Faithful Learning in Geography

 By: Sean Harrison (HS Social Studies Teacher)

In January 2004, I was in my second semester of university at Texas Christian University. I had not declared a major and was not very sure of what I wanted to do with my life at that point. As I was signing up for courses to fulfill my core requirements, I decided to take a geography course without much real excitement or expectation. As I walked to the first class of the semester, I remember thinking, “How are we going to spend an entire semester in a college course memorizing countries, capitals, and mountain ranges?”

When I entered the class, I very distinctly remember the professor, Dr. Jeffery Roet, had written on the board “Geography is the stage upon which the history of the world is set.” He then proceeded to teach a lesson that seemed to have nothing to do with what I understood geography to be. By the end of the semester, my perspective of what geography encompassed had completely changed. I was instilled with a passion for cultures & travel, the study of how humans and the environment interact with each other, the process of globalization, and to understand WHY this play that we call human history has unfolded the way in which it has. I purchased a world map swimsuit, a world map shower curtain, covered my dorm room wall with maps, and declared a major: Geography.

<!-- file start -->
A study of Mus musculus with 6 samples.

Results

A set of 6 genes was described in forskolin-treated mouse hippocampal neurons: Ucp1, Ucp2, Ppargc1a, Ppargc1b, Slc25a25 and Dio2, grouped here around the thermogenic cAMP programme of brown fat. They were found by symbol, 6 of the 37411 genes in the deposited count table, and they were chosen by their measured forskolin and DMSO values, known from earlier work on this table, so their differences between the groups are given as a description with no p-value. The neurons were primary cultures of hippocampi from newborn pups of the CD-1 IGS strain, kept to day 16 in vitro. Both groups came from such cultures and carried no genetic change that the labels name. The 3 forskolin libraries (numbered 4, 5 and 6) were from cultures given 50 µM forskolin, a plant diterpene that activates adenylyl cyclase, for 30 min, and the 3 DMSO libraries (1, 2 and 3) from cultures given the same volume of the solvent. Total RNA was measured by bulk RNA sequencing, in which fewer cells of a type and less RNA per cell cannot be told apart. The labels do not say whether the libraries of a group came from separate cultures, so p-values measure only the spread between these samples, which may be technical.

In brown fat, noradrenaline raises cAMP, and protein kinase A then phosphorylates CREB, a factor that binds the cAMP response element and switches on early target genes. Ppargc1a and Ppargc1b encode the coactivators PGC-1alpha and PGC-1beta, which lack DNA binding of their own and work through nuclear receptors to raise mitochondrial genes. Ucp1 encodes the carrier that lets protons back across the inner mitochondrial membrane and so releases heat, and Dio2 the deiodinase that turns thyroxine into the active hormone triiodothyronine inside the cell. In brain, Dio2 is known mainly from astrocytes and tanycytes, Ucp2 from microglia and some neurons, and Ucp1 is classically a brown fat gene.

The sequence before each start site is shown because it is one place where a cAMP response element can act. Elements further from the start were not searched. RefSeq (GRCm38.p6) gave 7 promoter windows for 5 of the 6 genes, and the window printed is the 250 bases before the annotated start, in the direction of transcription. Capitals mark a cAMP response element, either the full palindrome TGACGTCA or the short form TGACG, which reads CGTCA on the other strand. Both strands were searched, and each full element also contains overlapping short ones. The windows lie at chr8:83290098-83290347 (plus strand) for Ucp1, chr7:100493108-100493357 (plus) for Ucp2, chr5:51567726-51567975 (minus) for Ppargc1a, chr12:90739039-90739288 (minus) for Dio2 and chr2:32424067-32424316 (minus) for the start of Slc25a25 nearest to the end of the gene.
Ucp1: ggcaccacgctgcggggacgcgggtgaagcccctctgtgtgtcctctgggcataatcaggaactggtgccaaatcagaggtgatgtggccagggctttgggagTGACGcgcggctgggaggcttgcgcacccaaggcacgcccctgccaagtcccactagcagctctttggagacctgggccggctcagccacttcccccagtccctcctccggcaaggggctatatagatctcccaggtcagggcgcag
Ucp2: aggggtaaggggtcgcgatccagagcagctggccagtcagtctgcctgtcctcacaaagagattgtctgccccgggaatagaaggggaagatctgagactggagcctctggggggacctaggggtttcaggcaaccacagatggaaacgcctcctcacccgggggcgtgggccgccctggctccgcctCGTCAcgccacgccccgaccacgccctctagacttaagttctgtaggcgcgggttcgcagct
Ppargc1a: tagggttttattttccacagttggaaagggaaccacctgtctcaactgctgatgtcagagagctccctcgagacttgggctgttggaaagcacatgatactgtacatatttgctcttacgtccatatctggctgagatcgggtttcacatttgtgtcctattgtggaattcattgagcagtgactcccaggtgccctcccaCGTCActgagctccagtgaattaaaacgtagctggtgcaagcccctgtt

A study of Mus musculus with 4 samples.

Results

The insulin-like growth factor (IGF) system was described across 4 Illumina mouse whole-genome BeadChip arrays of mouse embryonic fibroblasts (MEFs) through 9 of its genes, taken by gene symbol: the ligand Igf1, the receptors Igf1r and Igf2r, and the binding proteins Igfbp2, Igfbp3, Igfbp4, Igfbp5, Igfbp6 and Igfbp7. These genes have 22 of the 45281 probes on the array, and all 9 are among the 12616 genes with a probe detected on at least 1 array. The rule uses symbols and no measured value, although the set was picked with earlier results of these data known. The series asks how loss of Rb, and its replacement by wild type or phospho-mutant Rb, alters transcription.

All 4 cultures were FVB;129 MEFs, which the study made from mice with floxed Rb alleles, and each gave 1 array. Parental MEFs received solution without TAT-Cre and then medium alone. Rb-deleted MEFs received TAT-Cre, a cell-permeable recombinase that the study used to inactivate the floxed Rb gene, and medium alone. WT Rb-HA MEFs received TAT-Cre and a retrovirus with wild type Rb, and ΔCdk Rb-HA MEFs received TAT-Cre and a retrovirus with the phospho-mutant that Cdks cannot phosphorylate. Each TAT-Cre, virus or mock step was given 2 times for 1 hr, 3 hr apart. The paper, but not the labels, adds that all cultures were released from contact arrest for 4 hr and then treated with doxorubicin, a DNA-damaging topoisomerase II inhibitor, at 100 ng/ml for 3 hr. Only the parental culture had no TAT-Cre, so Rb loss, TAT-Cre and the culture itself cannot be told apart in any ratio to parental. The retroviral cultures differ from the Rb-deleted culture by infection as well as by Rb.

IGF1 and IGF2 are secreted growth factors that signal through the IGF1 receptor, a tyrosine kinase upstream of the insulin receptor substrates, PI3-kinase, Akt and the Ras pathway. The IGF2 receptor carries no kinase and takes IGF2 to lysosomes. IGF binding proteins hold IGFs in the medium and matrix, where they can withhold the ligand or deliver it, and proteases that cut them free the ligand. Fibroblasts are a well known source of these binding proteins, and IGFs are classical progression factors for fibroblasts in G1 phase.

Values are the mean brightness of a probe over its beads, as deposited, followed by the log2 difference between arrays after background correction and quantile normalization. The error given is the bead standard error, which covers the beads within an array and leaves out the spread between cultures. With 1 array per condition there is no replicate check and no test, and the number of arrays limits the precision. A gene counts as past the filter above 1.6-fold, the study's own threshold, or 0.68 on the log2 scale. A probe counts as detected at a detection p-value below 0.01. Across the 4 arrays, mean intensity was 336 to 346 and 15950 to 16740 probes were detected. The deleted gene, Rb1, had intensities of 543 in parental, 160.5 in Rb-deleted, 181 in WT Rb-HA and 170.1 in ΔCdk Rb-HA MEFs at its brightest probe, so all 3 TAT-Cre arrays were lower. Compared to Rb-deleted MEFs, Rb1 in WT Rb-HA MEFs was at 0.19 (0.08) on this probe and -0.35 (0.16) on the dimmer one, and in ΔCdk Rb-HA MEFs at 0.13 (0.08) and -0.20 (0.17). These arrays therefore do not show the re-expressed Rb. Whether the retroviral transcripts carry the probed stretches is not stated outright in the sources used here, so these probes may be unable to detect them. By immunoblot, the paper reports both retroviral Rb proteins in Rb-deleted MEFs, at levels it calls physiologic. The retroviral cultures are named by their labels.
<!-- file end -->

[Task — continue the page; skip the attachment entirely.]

One of my favorite documentaries is called “The Sea In Between” about a musician named Josh Garrels. There is a scene in the film where he is discussing the act of creativity and experiencing art and music. In this scene he comments about how when we experience a piece of art that we love, we can’t help but want to know more about who created it. Inherently we have a desire to understand the mind behind the creative process. When I saw this scene, I immediately recognized that this was at the root of my love for the study of geography. If “geography is the stage upon which the history of the world is set,” then the more I understood about the way the stage was set up and how it directs the actors in the play, the better I understood the mind that designed the set and directs the play. Studying geography was a way for me to know God better and to continuously be more in awe of Him.
As I have now studied and taught geography for 13 years, I have learned a few lessons that are incredibly important to my faith. First, I have learned that if all of us are created in the image of God (Genesis 1:27), then every culture and every person reflects God in some way. Every culture is worth studying, spending time with, and understanding, because they all help us know God more. There is such beauty in the diversity of the body of Christ, and if we are to truly believe that we are called to make disciples of all nations (Matthew 28:19), then it is imperative that we have an understanding of the culture of these nations to effectively help them enter into a saving relationship with Jesus.